READER RESPONSE -- Last call for “Cheers”?Posted by Craig Westover | 5:34 PM |
Sue Jeffers from Stub and Herb’s, a institution on the University of Minnesota campus, submitted the following letter-to-the-editor, which unfortunately, hasn’t yet seen the light of day. She nails the real smoking issue as sharply as one of Norm’s opening lines.
For 25 years I have run a local college bar. The kind "where everybody knows your name." I enjoy the "Norms" and "Cliffs” who are my regulars. I've provided jobs for countless "Dianes” and Carlas." I've paid over a million dollars in taxes. Now because some cities and counties think my customers and staff are too stupid to make adult decisions they want to cancel my show.
Craig Westover’s column was right. A smoking ban will significantly hurt my business. Based on other cities data comparing actual bar statistics, a smoking ban could cost me about $250,000 the first year.
A smoking ban means many of my Norms and Cliffs won't share as many laughs and buy as many drinks or meals. The Dianes and Carlas won't work as many hours or make as much in tips. I won't pay as much in taxes.
It is easy to "protect" people from the minimal risk of SHS without a ban. A posted sign allows a person to know and accept or not accept the "risk" without ruining a night out for Norm and Cliff, costing Diane and Carla their jobs and depriving the city of taxes that could be used to pay for police and firefighters.
A smoking ban is not necessary or right.
To smoking ban proponents, Sue’s is “anecdotal evidence,” and therefore invalid. They point to general data. Take for example these “valid” statistics put forth by Bloomington as part of its justification for a smoking ban.
- Municipalities with ordinances requiring smoke-free restaurants and bars showed no decrease in revenues compared to municipalities with no such ordinances.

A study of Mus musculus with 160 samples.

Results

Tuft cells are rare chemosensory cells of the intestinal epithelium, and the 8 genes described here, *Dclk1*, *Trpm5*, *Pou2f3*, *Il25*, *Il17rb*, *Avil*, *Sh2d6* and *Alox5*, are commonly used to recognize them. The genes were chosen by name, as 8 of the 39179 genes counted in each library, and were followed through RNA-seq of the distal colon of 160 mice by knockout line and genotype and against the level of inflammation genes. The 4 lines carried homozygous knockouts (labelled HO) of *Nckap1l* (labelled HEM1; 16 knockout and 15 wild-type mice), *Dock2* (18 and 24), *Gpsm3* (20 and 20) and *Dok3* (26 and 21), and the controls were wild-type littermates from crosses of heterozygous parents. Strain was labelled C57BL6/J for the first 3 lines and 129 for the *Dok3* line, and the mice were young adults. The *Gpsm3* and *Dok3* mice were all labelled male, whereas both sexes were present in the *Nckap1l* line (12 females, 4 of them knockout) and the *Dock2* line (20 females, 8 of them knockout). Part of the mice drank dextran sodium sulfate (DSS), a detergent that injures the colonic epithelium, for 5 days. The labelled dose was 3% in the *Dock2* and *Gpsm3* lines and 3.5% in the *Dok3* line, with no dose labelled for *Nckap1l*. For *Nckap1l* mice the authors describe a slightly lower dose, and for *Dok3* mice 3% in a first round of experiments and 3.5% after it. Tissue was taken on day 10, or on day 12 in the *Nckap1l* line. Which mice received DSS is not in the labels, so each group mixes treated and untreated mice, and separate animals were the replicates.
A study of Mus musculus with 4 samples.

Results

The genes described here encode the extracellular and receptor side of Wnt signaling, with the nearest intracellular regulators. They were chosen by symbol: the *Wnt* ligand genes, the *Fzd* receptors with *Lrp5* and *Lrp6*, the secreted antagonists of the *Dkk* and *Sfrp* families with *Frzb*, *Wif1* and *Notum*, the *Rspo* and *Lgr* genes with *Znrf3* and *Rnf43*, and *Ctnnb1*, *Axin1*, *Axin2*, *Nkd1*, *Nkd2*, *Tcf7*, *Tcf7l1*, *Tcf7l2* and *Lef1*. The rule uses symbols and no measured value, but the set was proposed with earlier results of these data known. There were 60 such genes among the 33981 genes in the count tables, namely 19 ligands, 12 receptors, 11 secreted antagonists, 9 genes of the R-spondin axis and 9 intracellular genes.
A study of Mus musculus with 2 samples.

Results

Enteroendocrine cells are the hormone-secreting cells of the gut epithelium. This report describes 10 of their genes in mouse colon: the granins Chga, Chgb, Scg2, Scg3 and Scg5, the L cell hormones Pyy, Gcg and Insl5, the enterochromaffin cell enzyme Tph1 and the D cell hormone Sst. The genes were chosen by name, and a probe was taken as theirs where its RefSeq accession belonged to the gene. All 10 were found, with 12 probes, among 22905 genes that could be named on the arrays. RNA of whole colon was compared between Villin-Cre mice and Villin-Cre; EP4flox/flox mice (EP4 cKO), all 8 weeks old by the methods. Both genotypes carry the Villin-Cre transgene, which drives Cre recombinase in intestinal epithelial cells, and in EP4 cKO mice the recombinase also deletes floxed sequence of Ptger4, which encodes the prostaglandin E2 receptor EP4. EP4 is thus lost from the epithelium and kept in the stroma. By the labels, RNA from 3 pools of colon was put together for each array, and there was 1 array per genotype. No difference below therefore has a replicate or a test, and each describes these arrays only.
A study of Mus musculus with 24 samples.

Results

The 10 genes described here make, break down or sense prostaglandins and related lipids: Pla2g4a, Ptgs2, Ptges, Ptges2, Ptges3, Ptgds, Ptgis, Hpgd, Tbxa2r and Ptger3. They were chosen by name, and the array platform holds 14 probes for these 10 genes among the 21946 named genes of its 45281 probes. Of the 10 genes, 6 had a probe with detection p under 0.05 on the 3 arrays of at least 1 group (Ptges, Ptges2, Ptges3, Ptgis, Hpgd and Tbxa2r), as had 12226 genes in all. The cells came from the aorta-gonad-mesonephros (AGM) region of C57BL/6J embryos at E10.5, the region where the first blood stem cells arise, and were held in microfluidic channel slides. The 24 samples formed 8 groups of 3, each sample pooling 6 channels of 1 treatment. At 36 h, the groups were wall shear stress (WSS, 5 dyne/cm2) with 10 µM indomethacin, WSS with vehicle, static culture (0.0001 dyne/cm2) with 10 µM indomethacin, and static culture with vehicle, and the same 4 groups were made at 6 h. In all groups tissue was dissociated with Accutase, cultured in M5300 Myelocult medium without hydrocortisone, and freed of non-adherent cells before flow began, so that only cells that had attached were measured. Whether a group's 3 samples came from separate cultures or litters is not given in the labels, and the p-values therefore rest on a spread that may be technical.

- Sales tax data from 81 localities in 6 states consistently demonstrate that ordinances restricting smoking in restaurants have no effect on revenues.
- In a study comparing 5 counties with restaurant smoking ordinances and 5 similar counties with no such ordinances [in North Carolina], no adverse economic effects were found on the restaurant industry.
The common thread in this kind of evidence is that the city is only concerned with its revenue -- the Sue Jeffers of the world be damned. In other words, taking property rights and revenue from a few individuals is okay as long as the city’s revenues don’t drop.
Consequently. . .
. . . In jurisdictions with smoking bans, small taverns and restaurants have seen their revenue decline 25 to 80 percent. Fewer customers spend less time ordering fewer drinks and less food. Many small businesses have closed their doors.
It is unjust for government to arbitrarily change established conditions in the marketplace without compensating private businesses for losses they might suffer because of such changes. If "the public" benefits from dictating a change in long-established codes governing the ways a person may use his or her private property, then "the public" should justly compensate the individual property owner for any losses incurred by that change.
(Would public officials be so quick to impose their prejudices if their constituents had to foot the bill?)
It is disingenuous for smoking ban proponents to ignore the negative impact of bans on individual businesses by lumping them into larger categories that render individuals conveniently invisible.
Advocating a smoking ban for the "public good" and casually dismissing the negative impact on individual businesses is stealing from those businesses every bit as much as reaching into the till and pocketing the day's take.
If local officials are intellectually honest, they will weigh the "threat" of individuals allowing smoking on their properties against the real-dollar community cost to arbitrarily deny that choice, a cost that must be borne by taxpayers.
Or did I miss the lesson where it's OK to enact unjust laws if the injustice only affects a few people?